A jumping insect has gears, scientists have discovered, a rare instance in which man and nature independently converged on the same idea.
It was not easy to verify. The planthopper (Issus coleoptratus) is tiny, just a bit larger than a flea. And it jumps extremely fast – with an acceleration of 200 Gs, a level close to the highest ever survived by a human.
But neurobiologist Malcolm Burrows and engineer Gregory Sutton, both of the University of Cambridge in England, used a high-speed camera attached to a microscope to capture the bugs in action. They put their tiny subjects on their backs on sticky wax and gently rubbed their bellies to provoke them to jump.
”It’s remarkable that these gears look so similar to the gears man has designed, even the individual teeth are so similar,” said Professor Burrows, author of the study that was published online in the journal Science.
With this mechanism, the legs are locked and coupled together. The time delay from moving one leg to another is as short as 30 microseconds, or 30 millionths of a second, allowing the insects to leap faster and farther.
Without synchronisation, the insect’s body will spin instead of going straight forward due to the orientation of its hind legs, Professor Burrows said.
For example, using the most extreme case, a single-legged planthopper can only helplessly spin around in the same spot without getting anywhere.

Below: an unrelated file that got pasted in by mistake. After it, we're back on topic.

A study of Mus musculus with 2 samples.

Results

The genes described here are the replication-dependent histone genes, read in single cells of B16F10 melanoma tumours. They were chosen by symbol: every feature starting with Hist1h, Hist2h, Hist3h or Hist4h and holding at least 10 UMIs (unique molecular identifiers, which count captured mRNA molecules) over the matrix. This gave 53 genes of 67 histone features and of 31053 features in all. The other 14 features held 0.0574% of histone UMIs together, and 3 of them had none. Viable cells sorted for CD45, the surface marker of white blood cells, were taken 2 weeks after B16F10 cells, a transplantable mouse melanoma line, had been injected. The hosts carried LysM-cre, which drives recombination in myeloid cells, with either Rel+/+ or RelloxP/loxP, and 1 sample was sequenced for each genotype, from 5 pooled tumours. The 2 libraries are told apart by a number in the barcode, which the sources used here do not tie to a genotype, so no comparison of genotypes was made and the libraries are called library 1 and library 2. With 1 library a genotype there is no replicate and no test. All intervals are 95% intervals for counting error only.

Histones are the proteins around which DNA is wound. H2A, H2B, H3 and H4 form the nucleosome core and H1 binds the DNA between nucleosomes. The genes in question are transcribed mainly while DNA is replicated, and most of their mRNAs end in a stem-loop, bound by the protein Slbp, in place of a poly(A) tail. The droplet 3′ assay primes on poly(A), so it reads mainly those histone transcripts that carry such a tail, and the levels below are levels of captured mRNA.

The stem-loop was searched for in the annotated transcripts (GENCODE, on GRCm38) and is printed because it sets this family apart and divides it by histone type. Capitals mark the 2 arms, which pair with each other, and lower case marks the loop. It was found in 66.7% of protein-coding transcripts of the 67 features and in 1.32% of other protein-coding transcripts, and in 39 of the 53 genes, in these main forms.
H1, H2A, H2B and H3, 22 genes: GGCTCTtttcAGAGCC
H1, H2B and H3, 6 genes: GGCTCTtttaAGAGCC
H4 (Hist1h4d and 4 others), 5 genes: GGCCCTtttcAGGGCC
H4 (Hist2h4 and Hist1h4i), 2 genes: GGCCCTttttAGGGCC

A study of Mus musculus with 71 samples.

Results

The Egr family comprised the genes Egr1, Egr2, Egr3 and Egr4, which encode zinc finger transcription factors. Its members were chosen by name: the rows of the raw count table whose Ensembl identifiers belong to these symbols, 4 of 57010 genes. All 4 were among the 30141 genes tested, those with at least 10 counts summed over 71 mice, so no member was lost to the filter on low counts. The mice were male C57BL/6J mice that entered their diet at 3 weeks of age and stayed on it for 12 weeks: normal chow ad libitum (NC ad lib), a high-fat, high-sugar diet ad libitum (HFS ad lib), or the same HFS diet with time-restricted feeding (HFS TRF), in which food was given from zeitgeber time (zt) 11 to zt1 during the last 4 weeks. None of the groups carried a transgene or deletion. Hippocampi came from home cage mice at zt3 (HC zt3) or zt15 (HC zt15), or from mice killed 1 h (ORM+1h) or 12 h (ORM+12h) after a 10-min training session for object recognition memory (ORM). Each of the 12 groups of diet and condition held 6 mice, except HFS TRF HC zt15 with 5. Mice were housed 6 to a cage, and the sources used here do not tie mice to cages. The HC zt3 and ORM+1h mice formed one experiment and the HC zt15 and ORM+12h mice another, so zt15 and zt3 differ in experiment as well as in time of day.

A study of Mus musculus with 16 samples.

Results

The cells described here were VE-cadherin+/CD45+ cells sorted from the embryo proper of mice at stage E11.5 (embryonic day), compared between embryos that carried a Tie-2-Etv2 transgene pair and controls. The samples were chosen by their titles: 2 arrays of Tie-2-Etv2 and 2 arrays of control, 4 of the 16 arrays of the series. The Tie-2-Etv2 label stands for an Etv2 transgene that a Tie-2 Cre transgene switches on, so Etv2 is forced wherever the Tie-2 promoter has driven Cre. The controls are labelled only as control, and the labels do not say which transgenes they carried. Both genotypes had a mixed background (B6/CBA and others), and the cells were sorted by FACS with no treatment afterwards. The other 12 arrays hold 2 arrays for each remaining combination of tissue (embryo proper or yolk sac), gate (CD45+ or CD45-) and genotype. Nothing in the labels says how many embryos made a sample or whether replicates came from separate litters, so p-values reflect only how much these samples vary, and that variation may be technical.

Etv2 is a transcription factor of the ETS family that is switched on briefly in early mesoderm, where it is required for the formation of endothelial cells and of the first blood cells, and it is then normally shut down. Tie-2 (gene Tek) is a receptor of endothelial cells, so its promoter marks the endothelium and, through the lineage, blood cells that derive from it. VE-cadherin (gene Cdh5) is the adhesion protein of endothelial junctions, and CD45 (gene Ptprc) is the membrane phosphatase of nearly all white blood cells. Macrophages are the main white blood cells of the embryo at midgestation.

A normal two-legged insect will still be able to leap even when its timing is off, but precious energy is wasted on rotational motion instead of a straight-ahead trajectory.
When fleeing from a hungry predator, that lost distance could make the difference between reaching a safe branch and becoming dinner. Using a catapult mechanism, the legs are able to move very quickly. In preparation for a jump, the legs cock back similar to pulling a bowstring in archery.
”You suddenly let go and the arrow goes much faster than if you were to throw it directly,” he said.
The planthoppers have gear strips on the base of either hind-leg with about 10 teeth on each.
However, like training wheels, the gears only exist in the nymphal stage before the insect becomes an adult. Eventually they moult away, with the adults using friction between two parts of their upper legs to synchronise their jumps instead.
Gear-like structures previously seen in animals were merely ornamental. For instance, the spiny turtle – alternatively known as a cog-wheel turtle – has a spiky-edged shell that makes it look like it’s carrying a gear wheel flat on its back.